Underneath the familiar KDE desktop, DesktopBSD is still FreeBSD; in fact, you will find more references to "FreeBSD" than "DesktopBSD" throughout the system. That's because, as the DesktopBSD FAQ says, "DesktopBSD isn't a 'fork' [of FreeBSD] -- it's a customized FreeBSD installation that mainly consists of the DesktopBSD Tools and a collection of configuration files and software for desktop use."
FreeBSD is a great operating system, but it does not match Linux in the "ease of use for new desktop users" department. DesktopBSD, however, is well-suited for both experienced and new BSD users.
The DesktopBSD experience
The first thing you notice with DesktopBSD is the graphical installer -- simple, efficient, and easy to use. The partitioning process is a cinch -- all you have to do is create a new partition (also referred to as a slice) on your hard drive, and DesktopBSD will automatically divide that partition into everything it needs for proper operation, without your having to fiddle with creating a root, home, boot, and swap partition.
After you have DesktopBSD installed, an Initial Configuration Wizard allows you to create users, and offers you an introduction to DesktopBSD and how to best make use of it. Once you get past the login screen, you will be greeted with a typical KDE interface. The only thing that gives away the fact this isn't a Linux distro is the wallpaper.
You will find in DesktopBSD about the same assortment of software as you would expect to find in any current mainstream KDE-based distribution, including FireFox 220.127.116.11, KMail, OpenOffice.org 2.0, K3b, amaroK, Gaim, and KDevelop.
Among the DesktopBSD Tools, you will find utilities such as the Tray Mounter, which allows you to mount and unmount partitions from the system tray. This is especially useful for USB drives, since FreeBSD is somewhat lacking in this department. There's also the Disk Partitioner, which lets you repartition your hard drive, neatly integrated into the standard KDE Control Center. The User Manager, to add, remove, and edit users, is also offered as a KDE Control Center module.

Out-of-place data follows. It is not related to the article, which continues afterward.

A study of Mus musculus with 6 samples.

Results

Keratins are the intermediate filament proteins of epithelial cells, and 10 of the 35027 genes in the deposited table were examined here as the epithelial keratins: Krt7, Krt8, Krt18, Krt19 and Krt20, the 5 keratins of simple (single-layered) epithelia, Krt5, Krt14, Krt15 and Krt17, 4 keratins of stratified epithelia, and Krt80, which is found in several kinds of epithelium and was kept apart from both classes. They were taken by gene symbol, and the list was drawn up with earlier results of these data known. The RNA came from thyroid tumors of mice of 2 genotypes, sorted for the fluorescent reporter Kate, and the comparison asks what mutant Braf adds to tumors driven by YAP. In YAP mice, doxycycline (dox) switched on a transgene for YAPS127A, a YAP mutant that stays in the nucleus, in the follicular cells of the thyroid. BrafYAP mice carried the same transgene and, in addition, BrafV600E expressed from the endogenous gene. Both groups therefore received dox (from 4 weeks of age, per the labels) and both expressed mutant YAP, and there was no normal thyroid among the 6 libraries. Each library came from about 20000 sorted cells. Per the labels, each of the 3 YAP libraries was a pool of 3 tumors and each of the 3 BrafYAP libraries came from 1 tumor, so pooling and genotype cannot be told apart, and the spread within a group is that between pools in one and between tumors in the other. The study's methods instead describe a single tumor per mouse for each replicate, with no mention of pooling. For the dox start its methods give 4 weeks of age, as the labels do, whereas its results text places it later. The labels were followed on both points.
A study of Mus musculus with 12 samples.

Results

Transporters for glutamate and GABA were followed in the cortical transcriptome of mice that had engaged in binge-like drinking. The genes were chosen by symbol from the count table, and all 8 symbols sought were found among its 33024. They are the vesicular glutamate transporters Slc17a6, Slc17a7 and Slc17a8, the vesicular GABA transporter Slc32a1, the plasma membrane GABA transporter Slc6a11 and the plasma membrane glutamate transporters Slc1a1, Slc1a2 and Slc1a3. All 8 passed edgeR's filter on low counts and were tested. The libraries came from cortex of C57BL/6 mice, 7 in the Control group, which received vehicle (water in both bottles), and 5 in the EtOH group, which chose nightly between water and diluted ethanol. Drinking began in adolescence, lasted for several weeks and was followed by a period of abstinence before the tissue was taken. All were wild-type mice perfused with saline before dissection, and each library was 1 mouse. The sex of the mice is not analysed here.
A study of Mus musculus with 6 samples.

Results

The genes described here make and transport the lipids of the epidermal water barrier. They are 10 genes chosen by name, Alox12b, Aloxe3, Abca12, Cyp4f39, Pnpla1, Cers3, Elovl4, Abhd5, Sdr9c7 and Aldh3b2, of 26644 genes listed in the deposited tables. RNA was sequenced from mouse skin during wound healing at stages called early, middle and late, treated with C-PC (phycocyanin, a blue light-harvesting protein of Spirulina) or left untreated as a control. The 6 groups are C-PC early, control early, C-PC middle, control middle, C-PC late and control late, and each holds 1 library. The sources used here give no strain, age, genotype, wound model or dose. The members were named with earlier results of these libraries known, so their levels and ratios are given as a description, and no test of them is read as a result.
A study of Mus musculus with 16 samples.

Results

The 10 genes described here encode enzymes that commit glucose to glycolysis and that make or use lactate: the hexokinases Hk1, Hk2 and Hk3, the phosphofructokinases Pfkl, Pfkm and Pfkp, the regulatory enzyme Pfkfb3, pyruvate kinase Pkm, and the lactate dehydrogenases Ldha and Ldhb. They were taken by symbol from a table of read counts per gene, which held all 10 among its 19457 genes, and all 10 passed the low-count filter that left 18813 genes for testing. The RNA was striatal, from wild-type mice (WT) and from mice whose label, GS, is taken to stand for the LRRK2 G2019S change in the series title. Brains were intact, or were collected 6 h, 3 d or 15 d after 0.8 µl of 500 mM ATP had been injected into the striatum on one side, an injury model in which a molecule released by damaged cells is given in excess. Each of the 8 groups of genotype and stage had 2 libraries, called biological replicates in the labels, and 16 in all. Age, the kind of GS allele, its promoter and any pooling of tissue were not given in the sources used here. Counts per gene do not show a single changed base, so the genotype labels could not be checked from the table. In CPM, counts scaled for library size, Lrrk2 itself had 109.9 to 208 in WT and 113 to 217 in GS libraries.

If you're already a FreeBSD user, I highly recommend you install these tools, even if you don't install DesktopBSD. You can find them in the sysutils/desktopbsd-tools port.
Having FreeBSD as a base means having the Linux binary compatibility layer, which gives you the ability to run Linux applications, though you might not have much success with really complex applications, such as Cedega. No Cedega means no Windows games under DesktopBSD (or FreeBSD for that matter).
Nothing is perfect
DesktopBSD isn't the only effort to make FreeBSD more usable as a desktop system; PC-BSD is another alternative. While DesktopBSD takes a FreeBSD base and adds tools to make for a better desktop experience, PC-BSD drops the excellent FreeBSD ports system in favor of a custom package management system.
All in all, as far as FreeBSD on a desktop system goes, DesktopBSD is your best bet. However, nothing is perfect, and DesktopBSD has its faults as well. For starters, you might argue that DesktopBSD is based on the FreeBSD 5.5 PRERELEASE version as opposed to the latest FreeBSD 6.1. While experienced users could upgrade the FreeBSD base within DesktopBSD to the latest version, novice users will just have to settle for what comes bundled.
On the other hand, the kernel panic bug is a problem. It happens only on computers that run motherboards powered by Intel chipsets (particularly affected chipsets seem to be 845/865). Attempting to boot DesktopBSD for the first time from the DVD will crash affected computers with a kernel panic, most likely caused by the performance tweaks added to the standard FreeBSD kernel by the DesktopBSD team. While FreeBSD will run on such systems, DesktopBSD will not. This happened on one of my test systems. The solution, until the problem gets fixed, is to install the latest FreeBSD and then the DesktopBSD tools, as noted above.
While it's not perfect, DesktopBSD provides the best BSD on the desktop experience for users to date.